Government Grants for Poor People



The U.S. Department of Housing and Urban Development (HUD) is the department that manages Section 8 housing, or the Housing Choice Voucher Program. Under this program, the government grants money to the public housing authority (PHA) in each state. Qualified applicants receive vouchers from the public housing authority to pay for a house or apartment that meets the PHA's standards. Individuals typically pay for a portion of the housing based on the individuals' income. In some cases the full cost of the rental is covered by Section 8 funds, but households can elect to rent a place that exceeds the maximum that the housing authority will cover; in this case the household pays the difference.


The U.S. Department of Agriculture administers the Supplemental Nutrition Assistance Program (SNAP), which was formerly called the Food Stamps Program. This program administers grant money to state governments so that low-income families can qualify for assistance when buying groceries. This government assistance is distributed via debit cards which families can use at participating grocery stores. Households who need this type of aide typically need to submit an application and receive a face-to-face interview in many states. Income requirements limit eligibility for this government program; a family of four qualifies for SNAP assuming they have a gross monthly income of $2,389 or less, which is one hundred thirty percent of the poverty level.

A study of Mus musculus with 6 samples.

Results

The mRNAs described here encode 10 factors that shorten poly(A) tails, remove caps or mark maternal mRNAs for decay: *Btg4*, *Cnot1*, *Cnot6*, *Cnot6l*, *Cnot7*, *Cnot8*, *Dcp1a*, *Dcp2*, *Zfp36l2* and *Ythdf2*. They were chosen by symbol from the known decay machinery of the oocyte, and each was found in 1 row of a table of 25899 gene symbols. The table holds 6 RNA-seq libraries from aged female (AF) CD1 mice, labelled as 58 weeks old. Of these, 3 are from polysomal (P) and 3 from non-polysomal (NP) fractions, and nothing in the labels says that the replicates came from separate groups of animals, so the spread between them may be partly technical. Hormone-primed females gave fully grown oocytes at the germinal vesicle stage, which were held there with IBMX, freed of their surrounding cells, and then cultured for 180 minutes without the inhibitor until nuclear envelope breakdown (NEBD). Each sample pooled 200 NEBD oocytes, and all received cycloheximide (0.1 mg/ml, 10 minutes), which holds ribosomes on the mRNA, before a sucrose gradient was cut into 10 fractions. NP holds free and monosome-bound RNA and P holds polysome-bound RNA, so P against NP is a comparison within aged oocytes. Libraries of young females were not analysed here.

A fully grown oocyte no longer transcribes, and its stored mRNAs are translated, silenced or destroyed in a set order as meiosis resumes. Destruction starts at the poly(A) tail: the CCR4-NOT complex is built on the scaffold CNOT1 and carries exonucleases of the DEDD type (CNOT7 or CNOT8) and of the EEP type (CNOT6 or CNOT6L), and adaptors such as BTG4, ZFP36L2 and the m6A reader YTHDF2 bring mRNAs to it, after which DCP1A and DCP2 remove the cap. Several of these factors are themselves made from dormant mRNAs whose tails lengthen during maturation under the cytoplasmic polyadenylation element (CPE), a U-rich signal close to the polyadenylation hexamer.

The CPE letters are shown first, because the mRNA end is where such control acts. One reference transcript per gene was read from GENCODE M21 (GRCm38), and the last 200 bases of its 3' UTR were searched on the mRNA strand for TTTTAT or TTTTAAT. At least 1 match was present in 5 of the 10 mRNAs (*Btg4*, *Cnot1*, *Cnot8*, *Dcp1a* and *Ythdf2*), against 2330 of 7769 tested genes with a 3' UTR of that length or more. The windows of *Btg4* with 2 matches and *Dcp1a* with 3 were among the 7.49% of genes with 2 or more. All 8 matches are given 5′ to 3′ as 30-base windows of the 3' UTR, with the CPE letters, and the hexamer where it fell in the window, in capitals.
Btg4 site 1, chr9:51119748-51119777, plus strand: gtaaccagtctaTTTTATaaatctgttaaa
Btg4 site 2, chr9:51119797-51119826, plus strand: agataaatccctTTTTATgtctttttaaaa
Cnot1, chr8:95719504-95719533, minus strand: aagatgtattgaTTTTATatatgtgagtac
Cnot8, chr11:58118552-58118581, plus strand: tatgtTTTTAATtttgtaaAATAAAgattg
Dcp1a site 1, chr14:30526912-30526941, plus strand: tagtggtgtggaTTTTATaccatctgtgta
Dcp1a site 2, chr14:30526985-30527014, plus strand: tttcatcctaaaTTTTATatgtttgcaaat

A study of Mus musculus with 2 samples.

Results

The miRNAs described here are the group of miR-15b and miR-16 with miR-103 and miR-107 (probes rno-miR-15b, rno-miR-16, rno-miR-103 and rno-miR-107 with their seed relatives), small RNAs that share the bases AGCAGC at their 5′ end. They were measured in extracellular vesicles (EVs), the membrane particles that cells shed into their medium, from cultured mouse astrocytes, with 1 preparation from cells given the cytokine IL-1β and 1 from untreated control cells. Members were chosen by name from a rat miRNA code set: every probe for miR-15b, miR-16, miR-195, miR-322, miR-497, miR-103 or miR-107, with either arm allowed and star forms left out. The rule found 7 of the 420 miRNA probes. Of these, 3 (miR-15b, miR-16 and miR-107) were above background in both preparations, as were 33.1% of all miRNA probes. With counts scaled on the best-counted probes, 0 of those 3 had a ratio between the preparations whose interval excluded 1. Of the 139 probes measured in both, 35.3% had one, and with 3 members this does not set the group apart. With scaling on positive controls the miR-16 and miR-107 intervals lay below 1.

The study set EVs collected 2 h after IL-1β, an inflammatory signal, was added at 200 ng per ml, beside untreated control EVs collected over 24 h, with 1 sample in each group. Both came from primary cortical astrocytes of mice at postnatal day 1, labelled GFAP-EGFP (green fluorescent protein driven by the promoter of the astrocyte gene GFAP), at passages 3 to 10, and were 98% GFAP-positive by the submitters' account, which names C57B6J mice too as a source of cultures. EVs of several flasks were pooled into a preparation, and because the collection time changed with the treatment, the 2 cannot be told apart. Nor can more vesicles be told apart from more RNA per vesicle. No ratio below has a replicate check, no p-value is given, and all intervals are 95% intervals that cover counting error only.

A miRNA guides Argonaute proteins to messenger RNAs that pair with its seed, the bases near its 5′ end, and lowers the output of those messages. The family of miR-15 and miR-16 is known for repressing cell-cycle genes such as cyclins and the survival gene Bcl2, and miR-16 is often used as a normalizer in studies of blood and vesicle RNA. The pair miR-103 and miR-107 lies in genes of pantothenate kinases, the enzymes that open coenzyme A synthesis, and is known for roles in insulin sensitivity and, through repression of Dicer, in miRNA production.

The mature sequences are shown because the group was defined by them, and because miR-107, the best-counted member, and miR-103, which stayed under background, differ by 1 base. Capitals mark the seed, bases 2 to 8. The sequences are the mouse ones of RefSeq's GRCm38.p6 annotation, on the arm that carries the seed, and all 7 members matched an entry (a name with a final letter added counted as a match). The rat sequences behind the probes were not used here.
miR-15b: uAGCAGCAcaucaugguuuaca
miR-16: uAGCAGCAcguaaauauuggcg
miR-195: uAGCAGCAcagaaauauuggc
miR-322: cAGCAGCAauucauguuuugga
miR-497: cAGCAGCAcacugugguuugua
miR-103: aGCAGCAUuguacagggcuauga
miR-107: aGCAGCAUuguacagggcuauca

Temporary Assistance

Temporary Assistance for Needy Families (TANF) is a program run by the U.S. Department of Health and Human Services that provides temporary assistance in the form of cash payments to needy families who are income-qualified. The grant funds are administered by the U.S. government so that each state can distribute money as needed for TANF programs and funding. Applicants and families who need this service can find out more information at their local county department of job and family services. Families who are given TANF assistance are usually given it on a time-limited basis, which means that they only can receive benefits for up to a specified period of time, usually two or three years.


Two education grants are administered by the U.S. Department of Education and are designed to enable low-income individuals access to quality education by providing tuition assistance. The U.S. Department of Education established both the Pell Grant and the Federal Supplemental Educational Opportunity Grant (FSEPG). Eligibility is based on specific formulas determined by the Department of Education which take into consideration a person's EFC or estimated family contribution. An individual needs to file the Free Application for Federal Student Aid (FAFSA) in order to qualify. These education grants are given directly to the school in which the individual is enrolled to decrease the cost of out-of-pocket expense for the student.